Activists battle company's plan to reopen horse slaughtering plant

11/17/2003
Associated Press

Activists and at least one state lawmaker are trying to prevent the owners of a horse slaughterhouse that ships the meat overseas for human consumption from reopening the facility that burned down last year.

"If the Belgians and French want to eat horses, let them eat their own," said State Rep. Robert S. Molaro, D-Chicago, who hopes to pass legislation during this month's veto session that would outlaw horse slaughter in Illinois. "Horses never have been raised for food in America. They're companion animals."

The effort comes as Cavel International is rebuilding the 16,000-square foot plant one of three in the United States to reopen next year. The facility is designed to slaughter up to 100 horses a day.

While most Americans won't eat horsemeat, many Japanese and Europeans have no qualms about doing so. It is commonly sold abroad in butcher shops and supermarkets and is served in restaurants.

Most of the horsemeat in Europe is sold by farmers in Romania and Poland but American horsemeat is considered superior because horses here are better fed and cared for.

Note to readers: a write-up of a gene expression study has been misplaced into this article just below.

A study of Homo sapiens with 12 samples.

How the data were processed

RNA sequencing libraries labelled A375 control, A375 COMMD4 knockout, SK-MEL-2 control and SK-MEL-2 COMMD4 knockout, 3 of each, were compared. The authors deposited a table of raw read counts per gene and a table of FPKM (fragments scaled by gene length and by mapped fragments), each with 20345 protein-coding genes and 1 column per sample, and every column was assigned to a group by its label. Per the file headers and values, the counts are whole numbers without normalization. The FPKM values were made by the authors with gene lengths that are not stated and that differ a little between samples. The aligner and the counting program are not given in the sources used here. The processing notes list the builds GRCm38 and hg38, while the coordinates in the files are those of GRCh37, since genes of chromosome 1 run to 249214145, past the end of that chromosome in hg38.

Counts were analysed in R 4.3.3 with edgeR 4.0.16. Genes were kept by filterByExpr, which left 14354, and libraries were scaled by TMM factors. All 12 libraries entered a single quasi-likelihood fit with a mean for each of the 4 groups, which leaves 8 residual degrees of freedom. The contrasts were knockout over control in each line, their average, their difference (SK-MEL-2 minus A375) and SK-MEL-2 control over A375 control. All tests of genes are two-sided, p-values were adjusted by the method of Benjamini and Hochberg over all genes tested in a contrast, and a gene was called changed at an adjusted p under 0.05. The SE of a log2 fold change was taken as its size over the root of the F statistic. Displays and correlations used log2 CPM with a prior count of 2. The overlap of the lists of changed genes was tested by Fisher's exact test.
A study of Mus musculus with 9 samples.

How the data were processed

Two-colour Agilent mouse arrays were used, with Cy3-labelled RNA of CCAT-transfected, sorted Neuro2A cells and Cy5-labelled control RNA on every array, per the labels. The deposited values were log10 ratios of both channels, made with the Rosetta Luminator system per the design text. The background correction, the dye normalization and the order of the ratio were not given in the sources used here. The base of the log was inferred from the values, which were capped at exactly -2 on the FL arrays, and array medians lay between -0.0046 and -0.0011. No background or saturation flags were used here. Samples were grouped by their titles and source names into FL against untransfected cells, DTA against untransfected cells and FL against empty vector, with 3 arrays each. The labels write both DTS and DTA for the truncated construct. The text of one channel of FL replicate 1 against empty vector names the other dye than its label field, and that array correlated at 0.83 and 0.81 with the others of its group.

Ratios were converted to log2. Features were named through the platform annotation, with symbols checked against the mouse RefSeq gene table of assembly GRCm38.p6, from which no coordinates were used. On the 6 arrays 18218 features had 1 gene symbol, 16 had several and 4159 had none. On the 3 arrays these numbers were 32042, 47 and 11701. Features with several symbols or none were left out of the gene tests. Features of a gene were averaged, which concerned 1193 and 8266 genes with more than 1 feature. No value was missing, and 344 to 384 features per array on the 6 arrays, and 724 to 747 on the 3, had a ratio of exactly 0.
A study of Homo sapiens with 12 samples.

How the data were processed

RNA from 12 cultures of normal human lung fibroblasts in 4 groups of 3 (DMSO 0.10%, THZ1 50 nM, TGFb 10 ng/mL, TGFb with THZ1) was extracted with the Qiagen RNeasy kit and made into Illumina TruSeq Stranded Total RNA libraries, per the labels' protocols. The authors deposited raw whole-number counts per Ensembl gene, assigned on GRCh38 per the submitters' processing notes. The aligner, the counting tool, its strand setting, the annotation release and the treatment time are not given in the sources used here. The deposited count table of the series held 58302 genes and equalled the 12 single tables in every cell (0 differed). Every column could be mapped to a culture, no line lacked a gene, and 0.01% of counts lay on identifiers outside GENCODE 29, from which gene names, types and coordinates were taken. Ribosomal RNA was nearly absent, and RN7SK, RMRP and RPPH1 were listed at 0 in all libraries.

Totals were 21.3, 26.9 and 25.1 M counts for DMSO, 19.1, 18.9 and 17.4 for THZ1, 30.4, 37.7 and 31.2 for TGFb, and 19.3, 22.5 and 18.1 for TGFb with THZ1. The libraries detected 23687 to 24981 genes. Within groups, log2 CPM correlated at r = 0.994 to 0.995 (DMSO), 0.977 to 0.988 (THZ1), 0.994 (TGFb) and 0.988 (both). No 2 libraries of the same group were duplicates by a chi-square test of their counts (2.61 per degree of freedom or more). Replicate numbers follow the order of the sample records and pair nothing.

At Cavel, where the slaughter of 15,000 horses a year generated more than $10 million annually before the plant closed last year, officials are confident about their prospects of reopening.

"We're not terribly concerned about the legislation," Cavel project manager James Tucker said. "On one hand (outlawing horse slaughter) would solve the problem for the very people who are concerned about it. But you'd be defining how a farmer or a horse owner could dispose of his animals, and I can't imagine a legislature doing that. We're not forcing people to bring their horses here."

The new plant is expected to provide as many as 40 jobs one reason why Rep. David Wirsing, R-Sycamore, said he'd oppose passing of the anti-slaughter legislation.

"We slaughter pork and beef and poultry in this country and export it," said Wirsing. "Exporting horsemeat is not that different from something we are already doing."

Besides, he said, he has heard that it can cost a farmer as much as $800 to put a horse down and have the carcass hauled away. "If I had a horse I didn't want because of age or other considerations, and a slaughterhouse would pay me for it, I would sell it," he said.

But there are signs, that the "anti-horse slaughter movement is gathering momentum because of the media attention," said Chris Heyde, policy analyst for the Society for Animal Protective Legislation, a nonprofit group in Washington, D.C.

Since the early 1990s, the number of U.S. slaughterhouses has fallen from about 12 in part because of industry consolidation and what activists say is a growing public awareness of horse slaughtering. The industry, for example, made international headlines over the summer when 1986 Kentucky Derby winner Ferdinand was sold for slaughter after his Japanese owners found him to be a poor stud.

"Most people don't know that the horse-slaughter industry exists, but once they do, they want to support our efforts," said Heyde. "Everybody loves horses. They're part of our industry."